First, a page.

Forexpros - The broadly weaker U.S. dollar was down against its Canadian counterpart on Wednesday, dropping to a one-week low as risk appetite improved following the disappointing outcome of the previous day's France-German summit meeting.
USD/CAD hit 0.9775 during U.S. morning trade, the lowest since August 10; the pair subsequently consolidated at 0.9797, declining 0.27%.
The pair was likely to find support at 0.9765, the low of August 10 and resistance at 0.9905, the high of August 15.
The U.S. Bureau of Labor Statistics said earlier that producer price inflation rose by a seasonally adjusted 0.2% in July, after declining by 0.4% in June.
Analysts had expected PPI to rise 0.1% in July.
Year-over-year, the producer price index rose at an annualized rate of 7.2% in July, above expectations for a gain of 7.0%.
Core PPI, which excludes food and energy costs, rose by 0.4% after rising by 0.3% in the preceding month. Analysts had expected core PPI to rise by 0.2%.
Meanwhile, Statistics Canada said that foreign investors' acquisitions of Canadian securities fell by a seasonally adjusted CAD3.46 billion in June, confounding expectations for acquisitions of CAD10.33 billion.
The previous month's figure was revised down to CAD15.34 billion from CAD15.40 billion.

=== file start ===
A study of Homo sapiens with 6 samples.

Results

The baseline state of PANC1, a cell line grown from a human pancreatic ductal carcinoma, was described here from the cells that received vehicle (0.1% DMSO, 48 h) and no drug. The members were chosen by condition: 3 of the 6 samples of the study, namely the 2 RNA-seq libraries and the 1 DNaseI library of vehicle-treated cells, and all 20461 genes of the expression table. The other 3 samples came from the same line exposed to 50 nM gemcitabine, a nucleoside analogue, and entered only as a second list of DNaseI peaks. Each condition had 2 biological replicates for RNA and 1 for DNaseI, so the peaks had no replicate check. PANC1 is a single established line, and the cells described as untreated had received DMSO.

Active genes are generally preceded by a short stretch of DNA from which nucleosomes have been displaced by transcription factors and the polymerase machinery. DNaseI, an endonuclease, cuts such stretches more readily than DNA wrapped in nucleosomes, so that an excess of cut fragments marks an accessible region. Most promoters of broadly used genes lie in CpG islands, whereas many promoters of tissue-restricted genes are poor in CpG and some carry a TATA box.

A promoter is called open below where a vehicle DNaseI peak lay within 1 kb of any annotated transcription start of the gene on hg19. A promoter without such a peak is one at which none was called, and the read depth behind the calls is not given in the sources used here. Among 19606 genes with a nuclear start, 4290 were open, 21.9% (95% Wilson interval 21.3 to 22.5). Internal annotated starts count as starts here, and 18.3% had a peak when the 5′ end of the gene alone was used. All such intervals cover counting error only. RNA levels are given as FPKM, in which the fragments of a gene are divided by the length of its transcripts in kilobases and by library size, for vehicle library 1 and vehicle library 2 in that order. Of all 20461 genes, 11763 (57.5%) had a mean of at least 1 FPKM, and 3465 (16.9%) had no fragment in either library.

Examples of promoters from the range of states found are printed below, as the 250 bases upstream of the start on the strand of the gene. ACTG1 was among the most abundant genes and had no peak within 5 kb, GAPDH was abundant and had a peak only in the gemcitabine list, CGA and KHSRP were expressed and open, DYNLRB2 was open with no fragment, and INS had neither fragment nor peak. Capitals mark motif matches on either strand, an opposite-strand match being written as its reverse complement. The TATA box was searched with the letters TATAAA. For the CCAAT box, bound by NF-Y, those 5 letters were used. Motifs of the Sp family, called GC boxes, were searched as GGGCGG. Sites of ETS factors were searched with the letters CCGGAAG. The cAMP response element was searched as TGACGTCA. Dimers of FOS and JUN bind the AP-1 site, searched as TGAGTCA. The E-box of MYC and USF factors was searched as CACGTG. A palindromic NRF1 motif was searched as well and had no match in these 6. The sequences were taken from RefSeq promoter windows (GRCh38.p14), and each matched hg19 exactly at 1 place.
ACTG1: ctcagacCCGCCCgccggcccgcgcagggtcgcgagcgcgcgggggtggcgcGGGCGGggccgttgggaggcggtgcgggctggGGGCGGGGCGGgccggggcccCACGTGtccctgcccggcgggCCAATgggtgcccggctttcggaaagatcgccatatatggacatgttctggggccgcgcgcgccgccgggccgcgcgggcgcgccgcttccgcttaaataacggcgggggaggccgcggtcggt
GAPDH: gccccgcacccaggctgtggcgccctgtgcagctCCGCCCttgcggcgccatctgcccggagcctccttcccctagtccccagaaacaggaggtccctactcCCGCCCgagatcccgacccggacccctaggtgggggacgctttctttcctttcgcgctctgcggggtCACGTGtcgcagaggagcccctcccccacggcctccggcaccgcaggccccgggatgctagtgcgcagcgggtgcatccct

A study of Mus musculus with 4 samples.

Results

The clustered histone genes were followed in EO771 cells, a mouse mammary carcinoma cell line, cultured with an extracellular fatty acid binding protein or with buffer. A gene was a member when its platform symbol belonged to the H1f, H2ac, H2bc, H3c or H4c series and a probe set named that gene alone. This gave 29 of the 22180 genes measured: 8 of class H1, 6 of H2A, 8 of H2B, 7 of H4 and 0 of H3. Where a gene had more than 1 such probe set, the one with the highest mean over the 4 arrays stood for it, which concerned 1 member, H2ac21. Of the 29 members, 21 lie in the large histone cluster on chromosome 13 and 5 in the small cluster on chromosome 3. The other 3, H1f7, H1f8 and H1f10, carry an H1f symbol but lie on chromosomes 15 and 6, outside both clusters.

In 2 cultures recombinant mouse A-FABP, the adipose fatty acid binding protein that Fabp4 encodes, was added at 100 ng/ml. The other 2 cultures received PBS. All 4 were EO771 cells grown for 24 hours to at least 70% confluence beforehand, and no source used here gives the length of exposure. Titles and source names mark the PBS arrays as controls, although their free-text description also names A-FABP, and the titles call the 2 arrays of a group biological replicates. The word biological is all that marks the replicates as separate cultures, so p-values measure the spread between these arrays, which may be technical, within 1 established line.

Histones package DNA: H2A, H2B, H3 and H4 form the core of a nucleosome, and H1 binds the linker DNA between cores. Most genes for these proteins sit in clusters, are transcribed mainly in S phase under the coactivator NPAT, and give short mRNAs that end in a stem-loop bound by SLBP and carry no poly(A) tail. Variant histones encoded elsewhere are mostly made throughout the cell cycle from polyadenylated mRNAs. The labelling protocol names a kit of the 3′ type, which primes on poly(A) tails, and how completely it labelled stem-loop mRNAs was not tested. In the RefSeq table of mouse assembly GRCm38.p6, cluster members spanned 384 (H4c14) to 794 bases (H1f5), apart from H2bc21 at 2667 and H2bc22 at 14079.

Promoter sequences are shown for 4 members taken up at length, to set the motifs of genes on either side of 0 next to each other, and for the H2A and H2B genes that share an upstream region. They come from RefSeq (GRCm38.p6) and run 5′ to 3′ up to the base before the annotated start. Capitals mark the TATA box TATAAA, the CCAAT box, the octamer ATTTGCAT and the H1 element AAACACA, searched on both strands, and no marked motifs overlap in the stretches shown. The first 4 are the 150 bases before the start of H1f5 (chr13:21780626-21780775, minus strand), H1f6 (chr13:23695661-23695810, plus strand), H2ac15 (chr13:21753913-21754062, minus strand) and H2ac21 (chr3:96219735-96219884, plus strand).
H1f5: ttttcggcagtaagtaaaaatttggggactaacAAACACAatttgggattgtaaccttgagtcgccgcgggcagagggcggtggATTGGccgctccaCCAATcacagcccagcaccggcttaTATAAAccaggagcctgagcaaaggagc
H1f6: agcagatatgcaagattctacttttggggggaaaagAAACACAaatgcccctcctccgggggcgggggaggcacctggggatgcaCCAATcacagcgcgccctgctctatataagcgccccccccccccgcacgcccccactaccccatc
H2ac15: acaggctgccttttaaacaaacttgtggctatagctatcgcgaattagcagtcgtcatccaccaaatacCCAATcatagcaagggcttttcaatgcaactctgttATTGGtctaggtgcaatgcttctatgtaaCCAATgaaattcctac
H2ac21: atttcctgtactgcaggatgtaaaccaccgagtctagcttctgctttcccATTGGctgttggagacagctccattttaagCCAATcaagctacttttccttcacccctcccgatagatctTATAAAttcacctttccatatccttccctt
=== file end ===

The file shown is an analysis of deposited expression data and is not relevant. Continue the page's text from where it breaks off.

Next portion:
The loonie was also boosted after crude oil for delivery in October jumped 1.69% to trade at USD88.61 a barrel on the New York Mercantile Exchange, the highest price since August 4.
Raw materials, including oil account for about half of Canada's export revenue.
Elsewhere, the Canadian dollar was down against the euro, with EUR/CAD edging 0.25% higher to hit 1.4191.
The single currency found support amid speculation the European Central Bank was buying Italian and Spanish government debt, in an effort to ease pressure on the region's third and fourth largest economies.
Later in the day, the U.S. was to produce government data on crude oil stockpiles, which can be a big market mover for the Canadian dollar, due to the size of Canada's energy sector.